On the last day of a summer music camp I direct, I ran into two of my counselors, whom I call Elsa and Anna. They were out of breath from running, wearing uncomfortable smiles, and Elsa’s face was tear-stained.

“What’s going on?” I asked. Elsa covered her face with her hands. Anna, still grinning strangely, said, “We just saw a guy outside — I don’t know, maybe he was going to the bathroom — it was so gross … .”

“What do you mean? You saw too much?” I asked Anna, looking at Elsa’s shaking shoulders. Crying or laughing, I couldn’t tell. Anna kept talking.

“Oh, yeah, we saw way too much. Everything.” Then the two girls, 14 and 15, looked at each other with red faces and began laughing/crying again.

When I told the girls’ mothers about the disturbing event, I found myself telling them about a childhood memory.

I was about 10 years old and browsing at a Waldenbooks in my hometown mall. I knelt down to find a book on the bottom shelf and noticed a man next to me, also kneeling. It was summer and he was wearing loosefitting cotton shorts, hiked up, his hairy, white thighs exposed. In that glance, my childish brain could barely comprehend what I was seeing: his penis protruding from the hem of his shorts, in a state that was unrecognizable to me — how embarrassing, he doesn’t realize his private parts are showing. I glanced up and saw that he was looking at me. Alarm bells went off. I stood up slowly and left in a haze of terror and shame, and breathed not a word about it for the next 30 years. Until I caught the look on Elsa’s face through her trembling hands.

Hard as it might be to believe, I didn’t understand the encounter from an adult perspective until I told it out loud. For 30 years I had felt caught between the voice telling me I had been violated and the irrational voice rebutting: it was your imagination, it was an accident, you shouldn’t have glanced over. I never had a chance to sort that out until I heard my adult voice banishing any doubt of a 10-year-old’s innocence.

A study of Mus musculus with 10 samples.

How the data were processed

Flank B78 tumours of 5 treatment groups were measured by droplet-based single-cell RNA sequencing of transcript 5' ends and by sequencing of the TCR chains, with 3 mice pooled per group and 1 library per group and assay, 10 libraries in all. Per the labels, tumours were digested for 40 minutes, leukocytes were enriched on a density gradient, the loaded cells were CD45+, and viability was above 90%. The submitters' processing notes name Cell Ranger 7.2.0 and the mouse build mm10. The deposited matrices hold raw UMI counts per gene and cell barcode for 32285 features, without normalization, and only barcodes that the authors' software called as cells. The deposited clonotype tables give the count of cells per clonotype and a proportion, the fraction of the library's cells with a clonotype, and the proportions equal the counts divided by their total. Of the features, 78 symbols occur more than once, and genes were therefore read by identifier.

In retelling, I have discovered that every woman was approached as a girl. He called me over to ask directions. I went to his car window, and he wasn’t wearing pants/He was walking past me and opened his jacket/He lived near me/Twice. It happened twice, in this neighborhood/I was 10/I was 12/ I was 8/I never told anyone/I never told anyone.

Thanks to Harvey Weinstein, the “Me, too” status updates are popping up on Facebook, and my distaste for oversharing is battling my disgust at these thousand tiny daily assaults on girls and women. Picturing that man in a bathrobe wielding sex like a weapon, disgust wins. “Me, too” is not oversharing. It’s required reading.

Recently, I was sitting at the park with two friends, watching our five boys run wild over the playground. My 7-year-old son and his buddy wrestled, hands pushing down on each others’ shoulders. They made growling noises, sweated.

“I thought I’d have girls,” said my friend, “and I’d be able to teach them how to be strong women. Instead I have two boys. How do I stop them from becoming those kind of men?”

Nearby, my daughter and her friend, 10 years old, bent down and collected chestnuts into a neat pile for the squirrels as they talked. I don’t know what she has seen already. But I’m going to ask. I can’t stop sick men from finding her on the playground, sidewalk or corner store, any more than my parents could stop it in a Waldenbooks in 1986. We can only tell our stories out loud, to our girls, and to our boys, fathers and husbands. Maybe then we will overcome the demons of fear and shame that are given life by those whispers: I did something wrong, I deserve this.

Me, too.


Rena Kraut, of Minneapolis, is the founder and executive director of the Cuban American Youth Orchestra, as well as a professional musician and music educator.